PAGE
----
Coffs speedsters caught out
A P-plater tearing up Hogbin Drive in the wet was one of a whopping 70 speedsters caught by police on the long weekend.
Police allege the youth hit 127km/h in an 80km/h zone near John Paul College on Monday.
And this came on a weekend when local emergency crews attended four crashes involving injuries.
During Operation Stay Alert, officers charged 11 motorists with drink-driving from 938 breath tests and laid 14 other traffic charges.
They detected only one seatbelt offence but issued another 41 fines.
Statewide, the blitz resulted in:
• a total of 674 random drug tests, catching out 15 motorists driving under the influence of illicit substances;
• more than 177,400 random breath tests, an increase of more than 4470 over the same period last year;
• these tests caught 388 drivers under the influence of alcohol – 244 fewer drivers that last year; and
• police issuing 12,695 traffic infringement notices including 5904 for speeding-related offences – an increase of 416 drivers on last year.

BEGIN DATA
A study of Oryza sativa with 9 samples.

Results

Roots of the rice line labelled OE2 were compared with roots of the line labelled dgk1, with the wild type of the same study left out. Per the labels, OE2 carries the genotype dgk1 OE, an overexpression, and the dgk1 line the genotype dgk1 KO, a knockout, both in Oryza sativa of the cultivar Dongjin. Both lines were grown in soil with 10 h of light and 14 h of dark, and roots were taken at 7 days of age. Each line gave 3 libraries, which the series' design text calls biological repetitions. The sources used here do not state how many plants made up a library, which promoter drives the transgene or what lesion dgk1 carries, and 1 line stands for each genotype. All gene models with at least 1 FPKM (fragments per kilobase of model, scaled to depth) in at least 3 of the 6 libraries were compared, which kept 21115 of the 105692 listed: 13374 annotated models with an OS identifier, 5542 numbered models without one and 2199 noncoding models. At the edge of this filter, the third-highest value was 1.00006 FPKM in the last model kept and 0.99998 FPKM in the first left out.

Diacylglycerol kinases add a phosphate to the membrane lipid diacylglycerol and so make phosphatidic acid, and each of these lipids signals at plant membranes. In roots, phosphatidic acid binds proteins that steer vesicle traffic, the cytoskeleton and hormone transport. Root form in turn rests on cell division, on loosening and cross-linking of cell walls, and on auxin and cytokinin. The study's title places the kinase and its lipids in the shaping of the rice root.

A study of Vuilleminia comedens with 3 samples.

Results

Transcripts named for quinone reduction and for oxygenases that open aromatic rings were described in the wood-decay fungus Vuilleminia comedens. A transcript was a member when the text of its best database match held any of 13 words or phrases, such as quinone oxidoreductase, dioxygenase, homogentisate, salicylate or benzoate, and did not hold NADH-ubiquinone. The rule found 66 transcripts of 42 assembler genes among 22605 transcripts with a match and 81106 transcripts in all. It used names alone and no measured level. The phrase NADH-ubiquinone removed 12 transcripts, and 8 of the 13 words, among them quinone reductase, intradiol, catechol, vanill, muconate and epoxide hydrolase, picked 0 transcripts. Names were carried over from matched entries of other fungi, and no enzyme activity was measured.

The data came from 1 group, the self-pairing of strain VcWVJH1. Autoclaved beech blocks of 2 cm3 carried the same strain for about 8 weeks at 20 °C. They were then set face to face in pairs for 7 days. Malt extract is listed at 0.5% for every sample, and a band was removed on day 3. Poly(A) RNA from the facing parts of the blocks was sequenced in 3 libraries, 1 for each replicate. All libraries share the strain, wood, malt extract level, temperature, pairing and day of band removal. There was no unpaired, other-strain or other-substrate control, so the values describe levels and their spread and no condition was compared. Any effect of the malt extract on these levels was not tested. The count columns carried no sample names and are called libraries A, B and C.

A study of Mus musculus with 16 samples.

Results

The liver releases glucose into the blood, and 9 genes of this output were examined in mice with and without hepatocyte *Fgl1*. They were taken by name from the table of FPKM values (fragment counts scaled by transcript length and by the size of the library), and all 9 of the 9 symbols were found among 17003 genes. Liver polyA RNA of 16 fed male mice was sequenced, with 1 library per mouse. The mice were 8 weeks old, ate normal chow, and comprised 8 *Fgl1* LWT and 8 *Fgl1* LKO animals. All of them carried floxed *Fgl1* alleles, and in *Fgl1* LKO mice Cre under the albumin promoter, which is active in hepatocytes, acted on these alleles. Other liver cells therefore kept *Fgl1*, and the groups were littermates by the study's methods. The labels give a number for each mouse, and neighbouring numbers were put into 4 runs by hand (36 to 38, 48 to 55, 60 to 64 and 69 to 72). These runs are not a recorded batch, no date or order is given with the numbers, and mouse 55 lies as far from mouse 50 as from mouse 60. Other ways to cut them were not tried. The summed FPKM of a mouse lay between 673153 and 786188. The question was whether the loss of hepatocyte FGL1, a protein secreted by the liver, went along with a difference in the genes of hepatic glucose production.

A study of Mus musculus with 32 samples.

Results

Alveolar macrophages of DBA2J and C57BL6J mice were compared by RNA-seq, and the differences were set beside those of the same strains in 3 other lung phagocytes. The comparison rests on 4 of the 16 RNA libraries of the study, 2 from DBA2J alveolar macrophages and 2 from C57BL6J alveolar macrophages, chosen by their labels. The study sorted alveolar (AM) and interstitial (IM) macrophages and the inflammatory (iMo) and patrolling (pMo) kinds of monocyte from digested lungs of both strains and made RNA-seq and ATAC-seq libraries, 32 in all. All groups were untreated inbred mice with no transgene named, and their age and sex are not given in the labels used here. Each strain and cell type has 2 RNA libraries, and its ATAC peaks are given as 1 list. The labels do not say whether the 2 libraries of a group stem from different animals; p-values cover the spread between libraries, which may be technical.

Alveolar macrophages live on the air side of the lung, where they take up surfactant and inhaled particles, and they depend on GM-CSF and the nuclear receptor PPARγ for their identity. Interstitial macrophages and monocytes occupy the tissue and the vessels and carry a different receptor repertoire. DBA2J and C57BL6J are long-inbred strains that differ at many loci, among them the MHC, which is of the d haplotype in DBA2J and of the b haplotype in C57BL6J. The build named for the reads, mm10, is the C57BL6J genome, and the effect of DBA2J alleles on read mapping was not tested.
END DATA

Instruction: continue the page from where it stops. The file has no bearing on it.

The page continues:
Police Minister Michael Daley said it was pleasing to see a fall in some categories over the long weekend but disturbing that some motorists continue to flaunt the road rules.
“Long weekends are always a busy time on our roads with motorists travelling across the State to visit family and friends or to getaway for a short break,” Mr Daley said.
“Speed, alcohol and driving under the influence of drugs are a recipe for disaster. Hopefully these drivers caught on the wrong side of the law will learn from their mistakes and not offend again.”
Mr Daley said there were six fatalities on our roads during the break.
“My heartfelt sympathies go out to family and friends coming to grips with the loss of a loved one as a result of these accidents,” Mr Daley said.
“I would urge drivers to remember that bad behaviour can lead to fatal consequences – not only over long weekends – but every single day of the year. Police will continue to crack down on drivers who fail to understand that this sort of behaviour will not be tolerated.”